Learning to Let Time Be the Sacrifice with Amasa Hines
Amasa Hines are evangelists of the exploratory potential of music. Since forming in 2012, the Little Rock, Arkansas based collective have been offering up their interpretations of the musical divine. Their latest is Ivory Loving Glass, the long-awaited follow-up to 2014’s All The World There Is.
“Zatoichi” finds inspiration in its namesake, a famed fictional Japanese masseur and swordsman, asking “Will I see the signs, my love?” Joshua Asante doesn’t sing so much as pleads, verbally rebelling against the “blue kind of feeling” that he’s being left with. The whole track is thick with sonic seppuku, like Asante cut the vocals while kneeling down on the studio floor.
“Life in the Wake of the Eternal Noir” is a piano soul ballad composed of both the grand phrases we hide our love in, and the actual things which make it up: waking up and going to bed, taxes, things to clean, all the things the children always need.
“If I lie here with you/Will the devil still find me?” Asante asks. Judson Spillyards’ guitar is lush and haunting, the melodic breaking down and underlining of Asante’s repeating line: “I believe.”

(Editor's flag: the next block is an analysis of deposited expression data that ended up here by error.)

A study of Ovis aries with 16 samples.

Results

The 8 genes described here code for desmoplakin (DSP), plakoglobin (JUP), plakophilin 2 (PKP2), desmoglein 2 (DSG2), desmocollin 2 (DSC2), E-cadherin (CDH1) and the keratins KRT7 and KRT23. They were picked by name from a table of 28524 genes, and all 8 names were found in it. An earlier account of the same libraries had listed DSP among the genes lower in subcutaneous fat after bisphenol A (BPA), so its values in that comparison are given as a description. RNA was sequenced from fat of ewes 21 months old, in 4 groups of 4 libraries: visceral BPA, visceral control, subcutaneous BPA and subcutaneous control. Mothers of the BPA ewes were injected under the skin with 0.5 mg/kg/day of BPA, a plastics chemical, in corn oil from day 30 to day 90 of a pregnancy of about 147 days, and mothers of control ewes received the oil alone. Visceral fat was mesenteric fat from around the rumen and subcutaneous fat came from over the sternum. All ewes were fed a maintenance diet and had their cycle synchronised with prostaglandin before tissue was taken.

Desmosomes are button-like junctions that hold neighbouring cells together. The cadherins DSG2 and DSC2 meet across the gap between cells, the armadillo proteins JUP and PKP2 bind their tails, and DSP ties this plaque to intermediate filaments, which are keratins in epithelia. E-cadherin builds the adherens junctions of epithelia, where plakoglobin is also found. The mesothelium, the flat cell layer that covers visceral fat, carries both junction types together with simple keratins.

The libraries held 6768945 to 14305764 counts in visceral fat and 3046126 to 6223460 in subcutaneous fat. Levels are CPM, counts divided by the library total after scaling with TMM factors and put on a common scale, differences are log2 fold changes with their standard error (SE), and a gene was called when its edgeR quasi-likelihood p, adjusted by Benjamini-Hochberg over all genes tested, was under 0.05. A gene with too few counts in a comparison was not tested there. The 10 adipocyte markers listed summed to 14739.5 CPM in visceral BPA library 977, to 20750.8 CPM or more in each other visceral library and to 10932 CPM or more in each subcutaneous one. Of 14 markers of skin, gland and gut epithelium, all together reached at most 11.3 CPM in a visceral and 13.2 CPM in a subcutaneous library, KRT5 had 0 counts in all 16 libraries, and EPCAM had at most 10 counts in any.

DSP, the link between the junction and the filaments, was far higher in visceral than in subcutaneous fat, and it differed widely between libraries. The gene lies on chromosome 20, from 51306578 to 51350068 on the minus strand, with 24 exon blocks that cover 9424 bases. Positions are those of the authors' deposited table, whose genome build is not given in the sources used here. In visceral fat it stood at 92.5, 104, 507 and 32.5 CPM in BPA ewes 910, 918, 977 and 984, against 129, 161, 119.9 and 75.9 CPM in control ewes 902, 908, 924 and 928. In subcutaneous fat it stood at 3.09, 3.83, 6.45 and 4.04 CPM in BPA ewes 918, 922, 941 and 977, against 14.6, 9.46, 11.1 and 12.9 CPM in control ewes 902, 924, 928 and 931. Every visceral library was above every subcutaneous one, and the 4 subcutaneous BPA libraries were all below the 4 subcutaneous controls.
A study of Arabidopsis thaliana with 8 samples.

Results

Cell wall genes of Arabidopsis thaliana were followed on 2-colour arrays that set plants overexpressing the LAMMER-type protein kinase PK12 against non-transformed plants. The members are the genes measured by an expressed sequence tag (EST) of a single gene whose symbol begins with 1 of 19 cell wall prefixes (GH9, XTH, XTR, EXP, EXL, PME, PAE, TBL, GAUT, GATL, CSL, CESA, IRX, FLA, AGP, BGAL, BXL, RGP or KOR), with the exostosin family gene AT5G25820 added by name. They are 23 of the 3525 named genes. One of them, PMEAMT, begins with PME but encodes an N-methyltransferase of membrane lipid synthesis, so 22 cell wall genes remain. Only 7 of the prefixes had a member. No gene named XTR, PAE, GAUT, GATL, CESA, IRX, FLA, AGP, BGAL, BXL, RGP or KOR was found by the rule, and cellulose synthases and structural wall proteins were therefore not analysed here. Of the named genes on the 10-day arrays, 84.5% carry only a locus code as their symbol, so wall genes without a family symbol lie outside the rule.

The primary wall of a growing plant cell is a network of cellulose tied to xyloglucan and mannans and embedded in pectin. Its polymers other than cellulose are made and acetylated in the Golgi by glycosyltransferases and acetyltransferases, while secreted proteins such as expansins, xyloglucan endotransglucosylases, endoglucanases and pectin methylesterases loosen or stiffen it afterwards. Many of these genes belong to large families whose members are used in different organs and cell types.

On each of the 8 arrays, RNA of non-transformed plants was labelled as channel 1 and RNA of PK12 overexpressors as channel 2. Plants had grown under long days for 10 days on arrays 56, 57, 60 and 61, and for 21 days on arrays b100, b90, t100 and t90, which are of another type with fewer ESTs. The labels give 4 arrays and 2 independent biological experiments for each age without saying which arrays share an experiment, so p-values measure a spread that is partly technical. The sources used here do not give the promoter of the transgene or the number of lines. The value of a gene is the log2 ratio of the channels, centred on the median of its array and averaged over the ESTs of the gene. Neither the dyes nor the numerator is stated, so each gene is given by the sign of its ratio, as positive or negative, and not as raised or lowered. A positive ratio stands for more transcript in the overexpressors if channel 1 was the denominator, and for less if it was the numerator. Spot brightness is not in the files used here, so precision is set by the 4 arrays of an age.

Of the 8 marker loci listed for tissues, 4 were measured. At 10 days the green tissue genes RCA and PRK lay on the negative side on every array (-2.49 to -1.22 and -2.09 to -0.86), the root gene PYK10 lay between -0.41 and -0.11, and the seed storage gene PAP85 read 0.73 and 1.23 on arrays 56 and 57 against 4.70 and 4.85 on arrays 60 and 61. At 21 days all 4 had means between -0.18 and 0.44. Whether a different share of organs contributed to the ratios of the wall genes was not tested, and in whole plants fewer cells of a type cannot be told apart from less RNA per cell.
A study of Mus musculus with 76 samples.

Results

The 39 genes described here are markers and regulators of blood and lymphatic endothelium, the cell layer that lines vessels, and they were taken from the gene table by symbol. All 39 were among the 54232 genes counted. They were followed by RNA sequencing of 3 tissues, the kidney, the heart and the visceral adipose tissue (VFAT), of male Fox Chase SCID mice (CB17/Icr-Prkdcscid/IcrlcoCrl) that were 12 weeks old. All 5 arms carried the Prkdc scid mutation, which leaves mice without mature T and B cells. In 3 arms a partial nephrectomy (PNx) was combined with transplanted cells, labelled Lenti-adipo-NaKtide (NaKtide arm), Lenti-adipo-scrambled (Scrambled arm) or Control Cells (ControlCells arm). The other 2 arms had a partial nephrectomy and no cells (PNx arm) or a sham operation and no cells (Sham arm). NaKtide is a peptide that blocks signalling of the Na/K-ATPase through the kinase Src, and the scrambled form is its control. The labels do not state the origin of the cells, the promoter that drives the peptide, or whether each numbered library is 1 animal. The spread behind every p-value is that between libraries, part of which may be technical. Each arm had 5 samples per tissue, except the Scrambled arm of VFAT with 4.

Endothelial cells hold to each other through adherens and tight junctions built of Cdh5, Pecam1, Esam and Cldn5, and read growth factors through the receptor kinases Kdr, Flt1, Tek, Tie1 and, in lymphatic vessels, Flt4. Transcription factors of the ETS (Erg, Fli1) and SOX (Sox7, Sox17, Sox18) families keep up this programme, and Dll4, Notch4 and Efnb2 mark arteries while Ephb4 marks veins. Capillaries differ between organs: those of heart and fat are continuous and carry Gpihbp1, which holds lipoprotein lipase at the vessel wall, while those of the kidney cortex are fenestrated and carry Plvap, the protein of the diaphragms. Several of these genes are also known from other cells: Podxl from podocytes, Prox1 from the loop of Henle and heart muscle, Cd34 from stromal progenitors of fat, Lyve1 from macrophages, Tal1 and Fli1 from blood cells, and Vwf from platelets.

“7” hums with friction, an eruption of unbridled collective power the band is known for presenting on stage. It also holds the first horns we hear from multi-instrumentalist Norman Williamson on this release, a marked departure from their debut record, and seemingly a subtle reply to Asante’s assertions:
“The silence tells us so much/The silence covers the blood, the violence.”
“Nimbus” sees the band attempting to find out what is left when all of your best friends have let you down. “Won’t you worship with me? Let time be the sacrifice,” Asante preaches. It’s nothing short of a spiritual descent into illusion and self-discovery, with Asante revealing that “I am wearing the nimbus of light.” But he isn’t alone: We are right there with him.
“Someone Like Me” reads like a lullaby, a rain splatter piano-driven tune that introduces a metronome to push us forward and out of this brief collection. It’s a fitting coda, too. Throughout, these songs pulse and teem with the makings of modern life, constructed in all its paranoia and absence, but still holding on to some untouchable pure belief. With Ivory Loving Glass, Amasa Hines is writing the evangelical folk music of tomorrow, performed in the darkness of today.
May we all sacrifice the time enough to listen.